The Benefits of Hypnosis for Children

Family Health

Children are very easily hypnotised. Some hypnotists say they are in a constant state of trance.

What does this mean? Well. To begin with, it means to be suggestible, to believe what one is told.

Suppose a child is being picked on, or bullied. That child will undoubtedly believe what being  said to them over and over.

Take another child, whose parents constantly tell her ”you’re pretty, you’re bright, we love you”. That child is also being hypnotised, but in a positive way.

The subconscious mind soaks  up repeated messages. Estimates are that a child hears 10,000 hours of messages about who they are , what they are capable of and what their options are, by the time they grow up.

Most children have insecurities. These may manifest as bed wetting, thumb sucking or nail biting. These behaviors can become a vicious circle. A bedwetting child cannot go on sleepovers. A thumb sucking child may be made fun of by peers, and require expensive orthodontics. Both will feel more and more insecure, unable to establish positive peer relationships or have parents who approve of them.

Hypnosis changes the subconscious programming that led to the problem in a very short time.

A single traumatic experience can lead to  maladaptive behaviour.  It becomes self-reinforcing. A child who feels insecure may revert to baby-like behaviour. They get attention for this, usually negative but sometimes it is  positively experienced, so the child feels that at least some attention is focused on him.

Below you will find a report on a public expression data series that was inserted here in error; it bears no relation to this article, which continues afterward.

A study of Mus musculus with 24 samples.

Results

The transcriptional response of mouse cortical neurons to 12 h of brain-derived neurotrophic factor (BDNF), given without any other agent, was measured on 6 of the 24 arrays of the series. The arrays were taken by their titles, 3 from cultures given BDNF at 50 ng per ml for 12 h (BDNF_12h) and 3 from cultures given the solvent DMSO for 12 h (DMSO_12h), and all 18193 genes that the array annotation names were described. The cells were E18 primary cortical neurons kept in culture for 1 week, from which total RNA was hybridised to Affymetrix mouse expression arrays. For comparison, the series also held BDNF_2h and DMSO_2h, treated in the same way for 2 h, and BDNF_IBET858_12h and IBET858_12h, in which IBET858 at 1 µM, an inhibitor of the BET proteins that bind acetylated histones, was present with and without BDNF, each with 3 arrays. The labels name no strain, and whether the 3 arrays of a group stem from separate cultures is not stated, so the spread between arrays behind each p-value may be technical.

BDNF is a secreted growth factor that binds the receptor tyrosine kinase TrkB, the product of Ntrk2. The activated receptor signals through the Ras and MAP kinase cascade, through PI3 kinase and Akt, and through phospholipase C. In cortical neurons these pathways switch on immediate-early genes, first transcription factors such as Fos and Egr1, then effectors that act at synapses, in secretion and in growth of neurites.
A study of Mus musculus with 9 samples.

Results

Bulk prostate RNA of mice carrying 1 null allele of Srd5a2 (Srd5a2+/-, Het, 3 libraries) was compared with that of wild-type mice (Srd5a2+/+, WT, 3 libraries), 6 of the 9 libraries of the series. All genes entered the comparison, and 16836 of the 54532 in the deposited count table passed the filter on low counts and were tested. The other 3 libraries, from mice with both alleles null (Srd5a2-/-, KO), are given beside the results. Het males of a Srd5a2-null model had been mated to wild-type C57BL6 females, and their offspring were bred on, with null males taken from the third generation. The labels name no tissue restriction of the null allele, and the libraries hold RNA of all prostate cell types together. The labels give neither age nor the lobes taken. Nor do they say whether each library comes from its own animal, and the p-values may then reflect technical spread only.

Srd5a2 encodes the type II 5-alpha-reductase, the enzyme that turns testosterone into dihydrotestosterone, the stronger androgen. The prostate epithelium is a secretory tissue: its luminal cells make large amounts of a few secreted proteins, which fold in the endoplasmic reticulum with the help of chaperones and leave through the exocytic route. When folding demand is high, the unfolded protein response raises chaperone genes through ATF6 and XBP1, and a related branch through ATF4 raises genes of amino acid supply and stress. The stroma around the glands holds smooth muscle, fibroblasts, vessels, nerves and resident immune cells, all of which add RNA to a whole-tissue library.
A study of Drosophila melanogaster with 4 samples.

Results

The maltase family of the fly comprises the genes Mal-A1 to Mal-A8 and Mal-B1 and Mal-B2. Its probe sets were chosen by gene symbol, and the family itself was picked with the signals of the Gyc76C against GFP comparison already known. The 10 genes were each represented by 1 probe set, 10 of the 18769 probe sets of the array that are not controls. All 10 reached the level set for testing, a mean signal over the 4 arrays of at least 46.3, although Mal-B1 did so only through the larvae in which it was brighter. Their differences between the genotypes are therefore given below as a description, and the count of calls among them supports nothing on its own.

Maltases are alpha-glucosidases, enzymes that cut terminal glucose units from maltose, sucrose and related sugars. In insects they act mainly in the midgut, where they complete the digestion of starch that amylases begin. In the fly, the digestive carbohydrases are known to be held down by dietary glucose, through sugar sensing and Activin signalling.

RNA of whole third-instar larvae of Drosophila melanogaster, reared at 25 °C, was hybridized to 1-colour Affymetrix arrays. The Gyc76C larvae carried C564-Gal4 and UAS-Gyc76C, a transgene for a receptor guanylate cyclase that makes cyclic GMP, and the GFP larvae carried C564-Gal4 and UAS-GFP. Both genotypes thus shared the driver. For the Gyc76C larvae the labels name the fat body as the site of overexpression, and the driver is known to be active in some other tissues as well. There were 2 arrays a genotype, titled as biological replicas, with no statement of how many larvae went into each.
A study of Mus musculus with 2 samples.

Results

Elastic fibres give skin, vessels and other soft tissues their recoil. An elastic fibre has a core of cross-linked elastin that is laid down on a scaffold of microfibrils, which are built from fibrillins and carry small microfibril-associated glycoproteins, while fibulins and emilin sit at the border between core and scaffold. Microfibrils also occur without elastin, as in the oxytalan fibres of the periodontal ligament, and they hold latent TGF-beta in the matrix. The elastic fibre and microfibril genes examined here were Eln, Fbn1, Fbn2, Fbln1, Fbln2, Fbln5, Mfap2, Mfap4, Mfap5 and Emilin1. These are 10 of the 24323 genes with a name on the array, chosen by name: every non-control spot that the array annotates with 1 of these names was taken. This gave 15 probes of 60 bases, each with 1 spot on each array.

However, a child should not be getting attention this way; it short-circuits all the possible  ways a child can get positive attention (making age-appropriate friends, doing well in school, having parents say “I’m proud of you”.

It is easy to hypnotise children, which is to say, make them relaxed enough to listen to  what an authority figure (like a friendly therapist) may have to say. And what she will say is something like

A child hypnotist writes a script before seeing the child, after phone consultation with the parent. She then establishes rapport with the child, says they are going to play a game in their imagination, and gets them  relaxed and involved. This is called the induction .

Then comes the script itself, with the positive message about what the child is capable of.

Last is the returning to the regular state of awareness. The whole session with the hypnotist will take less than an hour , as kids have short attention spans.

Christing Nightengale, B.A., C.H., R.M. ( has been an Alternative therapist for 15 years and is a Certified Hypnotherapist. 

The material provided here is for general information purposes only and is not medical advice. Readers should always seek professional medical advice or diagnosis from an appropriate, qualified and practicing medical physician.


    Excellent article. I’ve also read that children’s brainwaves are in a theta state, similar to hypnosis, until around the age of 6. I wonder how well hypnotherapy would stick with the child if their surroundings are still offering counter-suggestions. Would it not be prudent to perform a session after their minds have reached a less perpetually malleable state?

  • Tiffany Locke

    I like that you mention how hypnosis can quickly change the subconscious programming that causes problems due to various issues, such as traumatic issues. If you want to use this method to help your child, you’d probably want to research the different hypnotherapists. When you do this, it would be a good idea to find one that has experience with children so that they know how to help them.